The Syrian city of Manjib has been freed from the control of the militant group ISIS, also known as “Daeesh.”
The capture of the city, located on a key supply route between the Turkish border and the city of Raqqa, the de facto capital of Islamic State’s self-styled caliphate, deprives the extremist group of a hub used to move fighters, weapons and supplies in and out of Syria.
In a statement late Friday, the Kurdish and Arab fighters known as the Syria Democratic Forces announced that Manbij had escaped “the claws of terrorism.” SDF fighters were searching the city for militant holdouts, but by Saturday, the battle had all but ended, according to Sharfan Darwish, a spokesman for the SDF-allied Manbij Military Council.
“There is no fighting in the city, but there is sweeping of areas where there might be… Daesh sleeper cells,” he said, using an Arabic acronym for Islamic State that is considered pejorative by the group’s members.
A convoy of Islamic State fighters was seen retreating Friday from Manbij toward the Syrian border city of Jarablus, using hundreds of residents as human shields, pro- and anti-government activists reported.
Nasser Hajj Mansour, a spokesman for the SDF, said the militants left behind thousands of mines, a signature tactic.
Manbij community pages on Facebook reported that at least two men were killed by mines in the city’s Sarb neighborhood as residents searched their homes for the hidden devices using 12-foot-long iron bars.
It was but one of many horrors inflicted by Islamic State during its more than two-year reign over the city, residents said.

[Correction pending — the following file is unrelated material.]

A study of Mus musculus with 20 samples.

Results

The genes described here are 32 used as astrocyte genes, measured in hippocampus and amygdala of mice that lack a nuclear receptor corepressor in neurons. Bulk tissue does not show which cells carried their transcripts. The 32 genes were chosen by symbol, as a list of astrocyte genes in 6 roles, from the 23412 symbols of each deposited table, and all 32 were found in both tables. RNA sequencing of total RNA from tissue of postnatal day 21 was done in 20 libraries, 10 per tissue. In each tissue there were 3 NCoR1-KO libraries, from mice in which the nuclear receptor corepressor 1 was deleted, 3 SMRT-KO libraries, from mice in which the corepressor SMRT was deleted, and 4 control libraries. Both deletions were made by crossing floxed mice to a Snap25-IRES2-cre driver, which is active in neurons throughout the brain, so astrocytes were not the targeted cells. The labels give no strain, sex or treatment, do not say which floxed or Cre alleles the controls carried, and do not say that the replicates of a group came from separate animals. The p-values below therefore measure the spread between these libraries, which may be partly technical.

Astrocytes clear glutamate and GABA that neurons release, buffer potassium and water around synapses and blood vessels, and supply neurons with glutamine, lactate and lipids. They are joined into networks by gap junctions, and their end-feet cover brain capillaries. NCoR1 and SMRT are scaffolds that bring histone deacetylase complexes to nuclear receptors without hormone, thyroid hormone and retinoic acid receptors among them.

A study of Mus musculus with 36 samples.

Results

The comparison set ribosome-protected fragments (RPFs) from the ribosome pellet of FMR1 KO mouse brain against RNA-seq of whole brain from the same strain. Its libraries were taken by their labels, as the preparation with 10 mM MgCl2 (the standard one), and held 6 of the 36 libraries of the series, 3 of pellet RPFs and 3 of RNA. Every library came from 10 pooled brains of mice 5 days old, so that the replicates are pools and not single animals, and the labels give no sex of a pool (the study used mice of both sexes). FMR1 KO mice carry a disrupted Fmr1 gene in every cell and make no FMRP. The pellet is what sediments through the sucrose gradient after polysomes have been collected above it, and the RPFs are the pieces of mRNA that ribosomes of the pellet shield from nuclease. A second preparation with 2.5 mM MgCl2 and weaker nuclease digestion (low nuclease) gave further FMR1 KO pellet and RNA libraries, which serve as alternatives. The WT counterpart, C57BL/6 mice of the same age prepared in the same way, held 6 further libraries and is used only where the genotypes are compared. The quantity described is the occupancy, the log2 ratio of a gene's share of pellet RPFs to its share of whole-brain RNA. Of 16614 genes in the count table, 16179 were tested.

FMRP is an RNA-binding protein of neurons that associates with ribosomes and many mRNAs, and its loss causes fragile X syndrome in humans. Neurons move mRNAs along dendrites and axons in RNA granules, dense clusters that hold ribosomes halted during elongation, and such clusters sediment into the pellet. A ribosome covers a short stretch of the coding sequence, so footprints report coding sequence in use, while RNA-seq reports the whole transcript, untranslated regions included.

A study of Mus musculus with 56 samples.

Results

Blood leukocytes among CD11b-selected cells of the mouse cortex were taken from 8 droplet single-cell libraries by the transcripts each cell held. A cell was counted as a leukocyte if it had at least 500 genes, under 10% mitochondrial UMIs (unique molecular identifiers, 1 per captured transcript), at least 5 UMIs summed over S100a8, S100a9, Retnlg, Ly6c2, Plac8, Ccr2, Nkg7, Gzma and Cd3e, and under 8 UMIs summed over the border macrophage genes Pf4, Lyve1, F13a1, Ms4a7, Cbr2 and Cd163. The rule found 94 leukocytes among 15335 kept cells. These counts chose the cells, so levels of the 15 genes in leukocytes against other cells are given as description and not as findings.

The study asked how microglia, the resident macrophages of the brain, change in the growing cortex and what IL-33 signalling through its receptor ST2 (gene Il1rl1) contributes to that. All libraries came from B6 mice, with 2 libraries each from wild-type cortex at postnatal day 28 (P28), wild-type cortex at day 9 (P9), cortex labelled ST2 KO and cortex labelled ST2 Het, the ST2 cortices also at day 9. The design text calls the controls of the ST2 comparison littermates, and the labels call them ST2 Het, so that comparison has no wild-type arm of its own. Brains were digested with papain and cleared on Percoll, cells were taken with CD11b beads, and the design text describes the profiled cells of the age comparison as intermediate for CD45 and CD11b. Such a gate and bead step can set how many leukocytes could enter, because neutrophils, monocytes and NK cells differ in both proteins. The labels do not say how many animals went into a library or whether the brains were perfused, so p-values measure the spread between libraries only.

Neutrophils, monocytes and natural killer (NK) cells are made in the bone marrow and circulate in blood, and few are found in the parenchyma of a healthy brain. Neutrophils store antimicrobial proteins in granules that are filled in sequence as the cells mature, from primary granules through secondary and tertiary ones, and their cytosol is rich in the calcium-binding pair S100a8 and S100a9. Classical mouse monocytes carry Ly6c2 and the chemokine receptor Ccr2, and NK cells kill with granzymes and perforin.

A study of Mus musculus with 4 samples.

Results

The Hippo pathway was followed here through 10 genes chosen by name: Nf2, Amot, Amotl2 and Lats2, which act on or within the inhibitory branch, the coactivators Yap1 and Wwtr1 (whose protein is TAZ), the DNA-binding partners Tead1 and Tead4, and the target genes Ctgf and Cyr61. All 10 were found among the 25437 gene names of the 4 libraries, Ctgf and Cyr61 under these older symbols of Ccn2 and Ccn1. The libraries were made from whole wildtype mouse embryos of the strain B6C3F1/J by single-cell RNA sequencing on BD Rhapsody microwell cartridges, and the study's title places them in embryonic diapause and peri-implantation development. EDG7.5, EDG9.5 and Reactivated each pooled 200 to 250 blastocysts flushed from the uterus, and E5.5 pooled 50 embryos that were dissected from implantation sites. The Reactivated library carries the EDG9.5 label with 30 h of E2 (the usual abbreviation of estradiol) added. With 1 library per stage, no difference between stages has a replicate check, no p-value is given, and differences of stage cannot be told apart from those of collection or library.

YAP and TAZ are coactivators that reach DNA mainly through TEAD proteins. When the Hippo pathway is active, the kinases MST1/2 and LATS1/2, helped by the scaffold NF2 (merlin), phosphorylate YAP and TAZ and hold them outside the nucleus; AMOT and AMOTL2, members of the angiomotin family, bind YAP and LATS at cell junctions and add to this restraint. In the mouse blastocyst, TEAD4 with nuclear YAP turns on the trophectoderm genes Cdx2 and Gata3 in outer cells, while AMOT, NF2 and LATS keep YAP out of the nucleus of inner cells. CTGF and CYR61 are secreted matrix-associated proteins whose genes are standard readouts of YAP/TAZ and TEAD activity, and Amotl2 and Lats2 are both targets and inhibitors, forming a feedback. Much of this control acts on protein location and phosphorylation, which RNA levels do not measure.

Those who violated the group’s extreme interpretation of Islam were subject to harsh punishments, including lashings, amputations and beheadings.
“I even saw them slaughtering 3-year-old children. They showed us no mercy,” an unidentified Manbij resident told Kurdistan 24 TV.
Standing amid the remains of a destroyed street market, an SDF fighter said, “Whenever [Daesh] leave an area, they burn it. … Any civilian who tries to leave, they immediately try to shoot him.”
U.S. officials have described the offensive, which began at the end of May, as an example of the strategy to defeat Islamic State by working with local ground forces to cut off the group’s supply lines and eliminate its safe havens.
Warplanes from the U.S.-led coalition played a key role, taking out hundreds of Islamic State positions before the SDF’s advance, while U.S. special forces provided assistance to the fighters on the ground.
The city had served as a center for recruiting and processing foreign fighters, and for dispatching operatives across the Turkish border for possible use in external attacks, Pentagon spokesman Gordon Trowbridge said this week.
Its loss “is a major setback for ISIL at the hands of our partners, the SDF, including thousands of Syrian Arab troops that are fighting to liberate their own homes,” he said, using another acronym for Islamic State.
Yet some Syrian activists questioned how the remaining Islamic State forces had been able to leave the city unopposed.
“Is it possible that 500 to 600 cars, with 2,500 people, could have left without a shot being fired?” asked Rami Abdul Rahman, head of the pro-opposition monitoring group Syrian Observatory for Human Rights, in a phone interview Saturday.
“This was an undeclared deal between Daesh and the SDF.”
Other activists accused the SDF, which is dominated by a Syrian Kurdish militia, of seeking to assimilate Manbij into an autonomous Kurdish zone on Syrian soil.
“The SDF, meaning the Kurds, have a plan to establish Syrian Kurdistan,” said an activist with the pro-government Facebook page Manbij Here. He refused to give his name for security reasons.
“We’re happy that Daesh has left, but this is just the start.”